S. Single Responsibility Principle O. L. I. D. Content Definition 1 2 Advantages 3 4 How to recognize a break of S.R.P? 5 How to make the design compliant with the S.R.P? Example www.seavus.com 01 Definition








Content Definition 1 2 Advantages 3 4 How to recognize a break of S.R.P? 5 How to make the design compliant with the S.R.P? Example www.seavus.com

01 Definition www.seavus.com

The single responsibility principle - definition Single Responsibility Principle is one of the five principles of SOLID Design Principles. From Wikipedia: …In object-oriented programming, the single responsibility principle states that every class should have a single responsibility, and that responsibility should be entirely encapsulated by the class. All its services should be narrowly aligned with that responsibility…. From  Clean Code : A class or module should have one, and only one,  reason to change . www.seavus.com

What the definition means When we design our classes, we should take care that one class at the most is responsible for doing one task or functionality among the whole set of responsibilities that it has. And only when there is a change needed in that specific task or functionality should this class be changed. How to recognize it? SRP looks simple on the first glance, but it is, probably, the most difficult SOLID principle to follow in practice. Following SRP is difficult because “reasons to change” become certain only in the future, when requirements actually change. At design time, all we can do is estimate which requirements are likely to change and which are stable. One effective way of identifying “reasons to change” is to learn about the business domain that is targeted by the application. Since most of the requirements come from business domain, there is a high probability that any instability in that domain will propagate into the requirements. www.seavus.com

02 Advantages www.seavus.com

Advantages of S.R.P Organize the code Less fragile When a class has more than one reason to be changed, it is more fragile. A change in one location might lead to some unexpected behavior in totally other places. Low Coupling/High Cohesion More responsibilities lead to higher coupling. Higher coupling leads to more dependencies, which is harder to maintain. Cohesion refers to the degree to which the elements inside a class belong together.Code Changes Refactoring is much easier for a single responsibility module. www.seavus.com Maintainability It’s obvious that it is much easier to maintain a small single purpose class, then a big monolithic one. Testability A test class for a ‘one purpose class’ will have less test cases (branches). If a class has one purpose it will usually have less dependencies, thus less mocking and test preparing. The “self documentation by tests” becomes much clearer. Easier Debugging In a single responsibility class, finding the bug or the cause of the problem, becomes a much easier task.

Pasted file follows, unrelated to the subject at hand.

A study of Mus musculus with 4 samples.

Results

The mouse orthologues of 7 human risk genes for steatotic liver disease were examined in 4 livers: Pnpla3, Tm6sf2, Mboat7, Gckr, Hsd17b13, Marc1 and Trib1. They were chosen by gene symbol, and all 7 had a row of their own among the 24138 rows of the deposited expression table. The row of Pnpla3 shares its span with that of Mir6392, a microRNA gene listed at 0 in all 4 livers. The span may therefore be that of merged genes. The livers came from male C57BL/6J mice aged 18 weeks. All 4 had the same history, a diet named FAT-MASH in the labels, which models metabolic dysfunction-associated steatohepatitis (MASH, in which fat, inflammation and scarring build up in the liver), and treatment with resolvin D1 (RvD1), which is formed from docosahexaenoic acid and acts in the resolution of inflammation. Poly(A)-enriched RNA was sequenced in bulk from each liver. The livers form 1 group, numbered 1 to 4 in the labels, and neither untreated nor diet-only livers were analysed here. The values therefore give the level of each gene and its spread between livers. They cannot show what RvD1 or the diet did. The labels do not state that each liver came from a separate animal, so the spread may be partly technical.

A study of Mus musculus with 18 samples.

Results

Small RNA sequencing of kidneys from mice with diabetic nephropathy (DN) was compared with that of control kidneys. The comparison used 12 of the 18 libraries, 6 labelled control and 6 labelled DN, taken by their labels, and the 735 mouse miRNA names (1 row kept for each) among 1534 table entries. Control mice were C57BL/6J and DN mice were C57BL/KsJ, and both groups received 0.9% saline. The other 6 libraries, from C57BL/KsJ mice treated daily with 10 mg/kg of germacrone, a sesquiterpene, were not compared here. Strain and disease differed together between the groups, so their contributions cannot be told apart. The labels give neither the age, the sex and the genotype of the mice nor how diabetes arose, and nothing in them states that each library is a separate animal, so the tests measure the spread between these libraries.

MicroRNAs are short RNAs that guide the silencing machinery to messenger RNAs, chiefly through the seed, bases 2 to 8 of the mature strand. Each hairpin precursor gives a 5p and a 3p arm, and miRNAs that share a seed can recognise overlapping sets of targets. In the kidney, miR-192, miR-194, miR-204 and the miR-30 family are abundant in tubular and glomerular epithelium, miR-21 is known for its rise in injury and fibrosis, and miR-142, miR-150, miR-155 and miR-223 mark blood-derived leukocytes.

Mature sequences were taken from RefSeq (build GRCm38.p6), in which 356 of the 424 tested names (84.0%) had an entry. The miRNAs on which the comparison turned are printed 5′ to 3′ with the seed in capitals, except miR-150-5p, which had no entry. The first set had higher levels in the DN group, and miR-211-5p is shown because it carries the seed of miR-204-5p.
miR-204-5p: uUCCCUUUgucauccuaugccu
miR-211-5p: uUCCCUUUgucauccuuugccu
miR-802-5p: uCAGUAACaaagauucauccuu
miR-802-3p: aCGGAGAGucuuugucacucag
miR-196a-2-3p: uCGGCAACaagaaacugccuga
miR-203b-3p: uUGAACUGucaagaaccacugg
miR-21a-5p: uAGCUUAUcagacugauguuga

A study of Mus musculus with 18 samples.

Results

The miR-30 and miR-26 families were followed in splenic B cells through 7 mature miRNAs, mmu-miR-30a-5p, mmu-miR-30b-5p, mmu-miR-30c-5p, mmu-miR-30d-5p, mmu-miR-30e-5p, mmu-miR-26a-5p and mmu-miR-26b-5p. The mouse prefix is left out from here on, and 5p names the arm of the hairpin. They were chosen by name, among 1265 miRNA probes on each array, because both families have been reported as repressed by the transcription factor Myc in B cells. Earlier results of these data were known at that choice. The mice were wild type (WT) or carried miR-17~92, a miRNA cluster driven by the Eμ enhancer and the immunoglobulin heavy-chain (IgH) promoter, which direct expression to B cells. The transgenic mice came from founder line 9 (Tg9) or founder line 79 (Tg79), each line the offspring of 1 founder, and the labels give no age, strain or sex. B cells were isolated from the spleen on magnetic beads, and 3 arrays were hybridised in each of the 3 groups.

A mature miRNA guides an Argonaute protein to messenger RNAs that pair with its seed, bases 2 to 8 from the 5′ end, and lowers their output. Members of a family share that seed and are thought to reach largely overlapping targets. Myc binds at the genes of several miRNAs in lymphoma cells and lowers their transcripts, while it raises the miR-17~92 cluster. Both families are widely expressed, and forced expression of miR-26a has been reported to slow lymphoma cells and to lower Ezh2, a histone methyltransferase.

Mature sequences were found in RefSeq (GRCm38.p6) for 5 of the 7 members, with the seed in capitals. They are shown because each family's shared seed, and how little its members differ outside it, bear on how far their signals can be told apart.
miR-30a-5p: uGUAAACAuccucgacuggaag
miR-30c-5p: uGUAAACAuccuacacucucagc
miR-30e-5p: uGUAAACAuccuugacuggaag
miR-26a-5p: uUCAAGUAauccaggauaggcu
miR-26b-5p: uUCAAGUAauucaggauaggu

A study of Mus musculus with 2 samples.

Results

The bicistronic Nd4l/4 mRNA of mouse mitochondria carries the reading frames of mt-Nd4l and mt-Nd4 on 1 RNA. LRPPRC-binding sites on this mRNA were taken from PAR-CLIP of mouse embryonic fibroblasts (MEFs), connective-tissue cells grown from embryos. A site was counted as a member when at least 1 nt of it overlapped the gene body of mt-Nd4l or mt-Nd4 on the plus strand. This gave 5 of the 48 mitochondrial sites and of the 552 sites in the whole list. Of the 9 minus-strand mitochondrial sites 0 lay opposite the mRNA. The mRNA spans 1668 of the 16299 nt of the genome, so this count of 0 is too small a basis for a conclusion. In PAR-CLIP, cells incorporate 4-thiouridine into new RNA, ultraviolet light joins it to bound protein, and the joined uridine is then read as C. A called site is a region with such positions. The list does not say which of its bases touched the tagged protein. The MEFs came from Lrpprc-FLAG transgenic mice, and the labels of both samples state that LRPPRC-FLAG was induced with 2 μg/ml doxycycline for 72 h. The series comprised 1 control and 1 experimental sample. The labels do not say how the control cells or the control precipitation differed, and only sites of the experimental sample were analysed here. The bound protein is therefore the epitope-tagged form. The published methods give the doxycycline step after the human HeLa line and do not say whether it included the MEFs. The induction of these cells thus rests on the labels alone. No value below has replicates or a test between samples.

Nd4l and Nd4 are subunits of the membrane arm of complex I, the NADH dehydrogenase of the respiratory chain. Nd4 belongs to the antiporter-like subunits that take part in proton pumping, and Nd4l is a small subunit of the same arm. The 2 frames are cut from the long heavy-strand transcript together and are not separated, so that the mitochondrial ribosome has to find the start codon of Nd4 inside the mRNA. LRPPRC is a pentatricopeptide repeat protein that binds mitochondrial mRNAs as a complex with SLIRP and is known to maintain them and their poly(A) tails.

03 Example www.seavus.com

What needs to have single responsibility? Each part of the system: The methods The classes The packages The modules www.seavus.com

04 How to recognize a break of Single Responsibility Principle? www.seavus.com

How to recognize a break of S. R. P? Class Has Too Many Dependencies A constructor with too many input parameters implies many dependencies (hopefully you do inject dependencies). Another way too see many dependencies is by the test class. If you need to mock too many objects, it usually means breaking the SRP. Shotgun effect If a small change makes a big ripple in your code. If you need to change many locations it might suggest, among other smells, that the SRP is broken. Change In One Place Breaks Another If a change in the code to add a new feature or simply refactor broke a test which seems unrelated, it might suggest a breaking the SRP. Class / Method is Long If a method is long, it might suggest it does too much. Same goes for a class. The Test Class Becomes Too Complicated If the test has too many variants, it might suggest that the class has too many responsibilities. It might suggest that some methods do too much. Descriptive Naming If you need to describe what your class / method / package is using with the  AND  world, it probably breaks the SRP. www.seavus.com Method Has Too Many Parameters Same as the class’s smell. Think of the method’s parameters as dependencies.

05 How to make the design compliant with the S.R.P ? www.seavus.com

How to make the design compliant with the S.R.P? Awareness This is a general suggestion for clean code. We need to be aware of our code. We need to take care. As for SRP, we need to try and catch as early as we can a class that is responsible for too much. We need to always look for a ‘too big method’. Testable Code Write your code in a way that everything can be tested. Then, you will surly want that your tests be simple and descriptive. www.seavus.com Code Coverage Metrics Sometimes, when a class does too much, it won’t have 100% coverage at first shot. Check the code quality metrics.